As three statewide Florida races appear heading to recounts, the focus on ballots shifted to Broward County Thursday where the supervisor of elections downplayed criticism of the delays in the tallying of ballots.
Some two days after polls closed in the county, the Broward Elections website still had early voting and vote by mail results listed as "partially reported,” and it was unknown how many ballots remained to be counted.
Broward Supervisor of Elections Dr. Brenda Snipes appeared to blame the delays on the length of the ballot in a brief interview with NBC 6 Thursday evening.
"I thought I answered, you know we have five or six pages," Snipes said.
As votes were still being tallied, Gov. Rick Scott's Senate campaign announced they were suing Snipes to turn over records regarding how ballots are being counted.
"Every day since the election, the left-wing activists in Broward County have been coming up with more and more ballots out of nowhere," Scott said at a news conference from the governor's mansion in Tallahassee Thursday night. "We all know what is going on. Every person in Florida knows exactly what is happening. Their goal is to keep mysteriously finding more votes until the elections turn out the way they want."
Snipes said Thursday night she did not know about the lawsuit and therefore had no comment.
Florida Sen. Marco Rubio also criticized Snipes in a series of tweets Thursday, saying she has "a history of incompetence & of blatant violations of state & federal laws."
"Broward election supervisors ongoing violation of Florida law requiring timely reporting isn’t just annoying incompetence. It has opened the door for lawyers to come here & try to steal a seat in the U.S. Senate & Florida Cabinet," Rubio tweeted.
Rubio also questioned how Bay County, which was hit by Hurricane Michael last month, was able to submit timely results when Broward hasn't.
"You know every politician's got to name a person something,” Snipes said in response.
As votes continued to come in Thursday, the Florida governor's race inched toward a possible state-mandated recount, as Democrat Andrew Gillum moved within 0.5 percentage point of Republican Ron DeSantis, according to figures from the Florida Supervisor of Elections Office. At the same time, the U.S. Senate race between Democratic incumbent Bill Nelson and Republican Gov. Rick Scott remained too close to call, with Scott ahead about 0.18 percent.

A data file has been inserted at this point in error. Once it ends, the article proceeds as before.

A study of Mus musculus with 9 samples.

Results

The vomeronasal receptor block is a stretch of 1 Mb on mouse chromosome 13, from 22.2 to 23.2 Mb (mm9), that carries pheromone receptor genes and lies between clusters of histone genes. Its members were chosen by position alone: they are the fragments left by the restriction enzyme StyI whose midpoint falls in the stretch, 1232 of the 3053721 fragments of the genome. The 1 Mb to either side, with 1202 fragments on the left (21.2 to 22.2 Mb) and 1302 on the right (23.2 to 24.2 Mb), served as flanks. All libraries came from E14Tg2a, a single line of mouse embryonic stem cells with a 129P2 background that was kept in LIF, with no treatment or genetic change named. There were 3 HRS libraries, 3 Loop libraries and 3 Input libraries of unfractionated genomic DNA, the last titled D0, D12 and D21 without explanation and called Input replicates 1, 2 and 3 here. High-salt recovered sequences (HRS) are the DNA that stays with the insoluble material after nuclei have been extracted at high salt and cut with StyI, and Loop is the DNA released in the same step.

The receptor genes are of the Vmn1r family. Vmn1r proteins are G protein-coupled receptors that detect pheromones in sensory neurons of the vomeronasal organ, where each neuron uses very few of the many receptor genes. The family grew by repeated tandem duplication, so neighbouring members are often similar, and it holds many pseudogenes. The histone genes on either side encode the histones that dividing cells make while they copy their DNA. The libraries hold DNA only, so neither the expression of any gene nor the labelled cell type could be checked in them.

A third race, for the state's agriculture commissioner, is also likely heading to a recount. Republican Matt Caldwell had held a slim lead over Democrat Nikki Fried since Tuesday, but her vote total surpassed his on Thursday afternoon, when she led by more than 3,000 votes as of Friday morning, according to the Florida Supervisor of Elections.
Florida law requires a recount in races in which the winning margin is 0.5 percentage points or fewer, unless the trailing candidate says in writing that he or she doesn't want a recount. Canvassing boards conduct the recount by running ballots through vote tabulation machines.
In elections with a winning margin of 0.25 percentage points or fewer, the state requires a hand recount of ballots where machines didn't detect a vote.
Broward County, where Democrats have a large advantage, has a history of being last to have final election results. On Tuesday's election night, seven Broward precincts had problems with modems and couldn’t submit polling results electronically. Instead, the precincts had to drive the electronic results to the voting equipment center in Lauderhill for tabulation.
In May, a judge ruled that Snipes improperly destroyed ballots too early after the 2016 congressional primaries. Following his loss to Debbie Wasserman Schultz, candidate Tim Canova requested that he see the paper ballots used. He filed a lawsuit, saying Snipes prevented him from seeing the papers.